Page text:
Your start-up recruitment business has taken off and you find there’s not enough hours in the day to nurture existing client relationships let alone look for new ones. It’s now time to take on talented individuals to help grow your business.
Think before you act
However, even at this stage, it’s important to be strategic about workforce planning. How do you envisage your business growing? This will have a direct impact on who you hire and when. For example, are you planning on building your geographical presence or creating specialist divisions? Or do you just want to focus on one sector split by permanent and temporary candidates?
It’s all in the planning you see
When you break it down, there’s a lot to think of at this stage. Your business plans should help clarify what potential talent you need and when. It doesn’t need to be written in tablets of stone but it will help to focus your mind on the dream team needed to help realize your growth aspirations. Only then can you give serious thought as to how you are going to attract this top talent for your recruitment business.
As you’ve sat down and worked out exactly what you need then it’s time to a create job spec for the role. Be specific in what you are looking for and what you can offer in return. It’s your company – how are you going to sell your dream to someone else? What is your USP that will get you noticed from other jobs in the market place?
Think about their motivations
Recruiters are motivated by potential earnings…but only at first. Beyond a good salary and job satisfaction, people want to work in a place that makes them happy. Where you work and who you work with has a big impact on your happiness. Your personality will directly impact on those around you and vice versa. Put yourself in the place of a potential candidate. Would you want to work with you?
As a business owner you cannot have all the answers to every challenge. Therefore, you need someone with the right entrepreneurial mindset. Someone to suggest new ideas on how to win more business. Or can see a smarter way of doing things. Have you a mindset that is receptive to new ideas from others?
and then motivate them to join you!
Once you understand an applicant’s motivations, you need to ‘sell’ the WIIFM (what’s in it for me) package. What role will they play? How much responsibility will they have? How can they contribute to the success of the business?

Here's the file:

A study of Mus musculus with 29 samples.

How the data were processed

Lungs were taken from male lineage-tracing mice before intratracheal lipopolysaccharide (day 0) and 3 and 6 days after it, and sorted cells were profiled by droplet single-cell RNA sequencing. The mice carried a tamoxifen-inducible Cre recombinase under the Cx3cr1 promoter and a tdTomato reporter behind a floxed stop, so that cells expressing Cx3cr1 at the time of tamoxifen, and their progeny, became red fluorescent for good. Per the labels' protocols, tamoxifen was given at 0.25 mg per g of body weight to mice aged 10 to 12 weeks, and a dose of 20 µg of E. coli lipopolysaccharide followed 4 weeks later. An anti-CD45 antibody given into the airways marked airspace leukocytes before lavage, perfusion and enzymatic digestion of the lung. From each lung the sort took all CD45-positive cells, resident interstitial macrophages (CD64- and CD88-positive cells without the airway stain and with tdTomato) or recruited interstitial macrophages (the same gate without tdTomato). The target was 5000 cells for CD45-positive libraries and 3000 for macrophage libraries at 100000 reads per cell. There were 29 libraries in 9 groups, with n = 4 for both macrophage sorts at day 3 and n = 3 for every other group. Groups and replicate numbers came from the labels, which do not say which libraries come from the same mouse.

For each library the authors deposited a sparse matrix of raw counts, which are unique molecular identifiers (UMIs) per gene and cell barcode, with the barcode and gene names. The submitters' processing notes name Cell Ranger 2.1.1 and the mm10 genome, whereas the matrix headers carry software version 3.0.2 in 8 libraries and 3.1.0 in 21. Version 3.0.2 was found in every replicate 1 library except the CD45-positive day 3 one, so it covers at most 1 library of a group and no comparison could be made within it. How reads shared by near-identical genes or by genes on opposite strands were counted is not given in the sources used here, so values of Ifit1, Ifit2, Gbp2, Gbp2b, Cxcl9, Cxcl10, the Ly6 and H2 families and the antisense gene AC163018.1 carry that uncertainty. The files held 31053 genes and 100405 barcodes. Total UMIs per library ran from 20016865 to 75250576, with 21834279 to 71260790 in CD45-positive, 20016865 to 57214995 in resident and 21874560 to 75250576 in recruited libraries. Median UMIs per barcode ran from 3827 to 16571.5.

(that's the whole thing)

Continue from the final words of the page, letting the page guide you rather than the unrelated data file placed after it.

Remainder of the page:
People also need to buy into you and your vision for the business. Therefore, communicate your hopes for the business. Paint a picture of where you see it in 12 months, two years and five years and share the roadmap which shows how that vision can (and will) become a reality.
Don’t look for ‘Jack-of-all-Trades’ recruiters
Resist the temptation to recruit consultants who you think may be able to add one or two additional tasks to their existing list of responsibilities, such as organising invoices and payroll to chasing debtors. That will simply kill their resolve and see them (and you) earn less money. You’re not hiring an administrator. You’re looking for someone to help grow your business. Instead, consider outsourcing back office tasks that drain your time and energy.
Search in all the right places
Chances are you have developed a great network over the last few years and now is the time to tap it for what it’s worth. Many recruitment business owners hire consultants they worked with previously, so are there any former colleagues who would fit your bill?
Do you write posts on LinkedIn Publisher asking for referrals from within your online network? Cross post these into relevant recruitment groups and promote them on your News/Blog page and other social media accounts. Last, but not least – network. Get yourself out there.
The right person for the job
Recruiting for your own business is different to recruiting for a client – you’re emotionally involved. Therefore, it’s a good idea to let someone else sit in on the initial interview process. You may have met someone you think is wonderful but may actually fall short of what you need to drive the business forward. Be open to a trusted advisor/friend’s opinion before making a final decision.
Start off as you mean to go on
How you behave now will in fact set your company culture – so make sure it’s an inclusive one. Many people don’t leave a company – they leave their boss. So be clear on what you expect from them; value their input; encourage them to contribute ideas and challenge you and give them whatever they need to do their job…and do it well. Appreciate and look after them and soon you will be the kind of agency owner that recruiters are asking to work with.